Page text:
Wednesday, May 11


Seems the "Houston Chronicle" editorial board has issues with Florida's new sex offender law -- legislation passed on the heels of the Jessica Lunsford abduction-murder tragedy and signed into law by Governor Jeb Bush.

This kernel of wisdom must be a source of reassurance to Jessica's parents and grandparents:

Though horrifying, abduction/murders are actually quite rare, says Dr. Edward Sczechowicz, a psychologist who treats sexual offenders convicted by the Miami-Dade court system. The vast majority of sexual abuse is instead committed by family members or acquaintances.

What ensues in the editorial is the height of bleeding-heart, liberal naivette:

Tracking sex offenders with GPS bracelets — which will cost Florida $4 million in the first year alone — might be useful as an lab experiment. But lower tech, less showy and better documented measures are likely to work better in most cases.

One approach is to increase the number of well-trained probation officers. John Couey, charged with murdering Jessica Lunsford, was a convicted sexual offender who had violated probation. The private company hired to monitor him did not know he was a sex offender and lost track of him for more than a month, the Miami Herald reported.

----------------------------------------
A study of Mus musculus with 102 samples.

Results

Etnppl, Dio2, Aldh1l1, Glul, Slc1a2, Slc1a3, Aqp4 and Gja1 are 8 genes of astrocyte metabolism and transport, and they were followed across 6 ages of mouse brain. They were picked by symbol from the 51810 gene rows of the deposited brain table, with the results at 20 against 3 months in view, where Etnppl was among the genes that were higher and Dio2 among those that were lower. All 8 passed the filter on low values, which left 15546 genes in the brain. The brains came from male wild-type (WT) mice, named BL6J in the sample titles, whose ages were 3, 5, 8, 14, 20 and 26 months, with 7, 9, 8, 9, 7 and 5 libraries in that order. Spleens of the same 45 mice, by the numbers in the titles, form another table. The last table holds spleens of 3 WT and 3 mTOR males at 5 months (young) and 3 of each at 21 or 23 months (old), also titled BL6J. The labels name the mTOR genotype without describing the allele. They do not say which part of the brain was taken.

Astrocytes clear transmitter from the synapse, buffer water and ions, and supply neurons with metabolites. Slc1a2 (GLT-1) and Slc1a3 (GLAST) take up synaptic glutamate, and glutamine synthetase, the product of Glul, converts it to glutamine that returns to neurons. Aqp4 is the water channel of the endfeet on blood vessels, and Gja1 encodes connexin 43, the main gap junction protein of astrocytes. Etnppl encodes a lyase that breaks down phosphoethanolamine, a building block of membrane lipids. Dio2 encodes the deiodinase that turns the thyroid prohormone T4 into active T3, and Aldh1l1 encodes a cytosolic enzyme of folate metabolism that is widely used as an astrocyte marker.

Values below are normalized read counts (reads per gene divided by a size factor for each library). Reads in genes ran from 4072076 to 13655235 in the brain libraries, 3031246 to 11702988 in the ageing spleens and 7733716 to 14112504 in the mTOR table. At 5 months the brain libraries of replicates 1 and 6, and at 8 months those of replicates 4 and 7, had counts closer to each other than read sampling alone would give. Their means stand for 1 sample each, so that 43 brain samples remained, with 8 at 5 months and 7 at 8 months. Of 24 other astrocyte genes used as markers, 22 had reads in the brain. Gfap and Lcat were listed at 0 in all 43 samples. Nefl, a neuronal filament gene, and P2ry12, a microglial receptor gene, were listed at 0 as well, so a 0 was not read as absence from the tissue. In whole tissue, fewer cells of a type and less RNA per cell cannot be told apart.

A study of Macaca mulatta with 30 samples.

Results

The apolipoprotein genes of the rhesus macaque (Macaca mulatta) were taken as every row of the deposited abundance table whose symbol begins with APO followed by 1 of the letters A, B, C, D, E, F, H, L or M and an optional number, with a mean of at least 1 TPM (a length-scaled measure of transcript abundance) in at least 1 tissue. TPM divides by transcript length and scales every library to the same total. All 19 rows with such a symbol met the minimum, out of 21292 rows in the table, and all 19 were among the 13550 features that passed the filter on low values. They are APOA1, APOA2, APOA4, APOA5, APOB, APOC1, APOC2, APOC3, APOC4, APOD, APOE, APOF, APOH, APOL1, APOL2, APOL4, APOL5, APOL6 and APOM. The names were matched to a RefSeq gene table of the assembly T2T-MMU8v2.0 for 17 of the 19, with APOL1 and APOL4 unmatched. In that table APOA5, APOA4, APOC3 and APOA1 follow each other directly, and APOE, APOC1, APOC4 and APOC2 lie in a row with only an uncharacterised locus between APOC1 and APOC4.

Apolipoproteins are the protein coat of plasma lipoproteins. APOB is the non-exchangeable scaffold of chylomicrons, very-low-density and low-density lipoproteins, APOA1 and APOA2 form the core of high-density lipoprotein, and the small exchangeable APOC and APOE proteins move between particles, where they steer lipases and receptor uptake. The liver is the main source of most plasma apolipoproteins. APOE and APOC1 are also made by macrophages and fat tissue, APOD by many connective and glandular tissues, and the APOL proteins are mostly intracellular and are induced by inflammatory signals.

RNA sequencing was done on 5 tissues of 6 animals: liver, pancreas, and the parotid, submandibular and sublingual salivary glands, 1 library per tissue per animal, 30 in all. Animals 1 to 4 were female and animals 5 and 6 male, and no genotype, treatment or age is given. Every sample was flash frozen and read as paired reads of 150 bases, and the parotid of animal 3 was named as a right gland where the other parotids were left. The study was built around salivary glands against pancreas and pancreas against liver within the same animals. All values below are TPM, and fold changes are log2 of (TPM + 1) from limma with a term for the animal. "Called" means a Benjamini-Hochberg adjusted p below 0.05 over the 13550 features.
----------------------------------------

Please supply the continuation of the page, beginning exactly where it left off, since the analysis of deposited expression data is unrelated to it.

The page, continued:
Another low-tech method, periodic polygraph tests, can't be admitted as evidence in court but can track activities of offenders identified as special risks. Clinical research, though not as dramatic as sweeping sentencing laws, is starting to yield useful clues about predator behavior. Sex offenders who have never had a partner and show a history of antisocial behavior are considered most dangerous.

Although some compulsive offenders can only be contained rather than cured, counseling reduces recidivism. Community watch programs — as simple as parents patrolling play areas — are a powerful disincentive for predators, researchers say. Finally, educating children about healthy and unhealthy touch, whether by family or acquaintances, remains the best defense against sexual abuse.

To its credit, " jumped all over this editorial blather, as did Bill O'Reilly last night in his "Unresolved Problems" segment.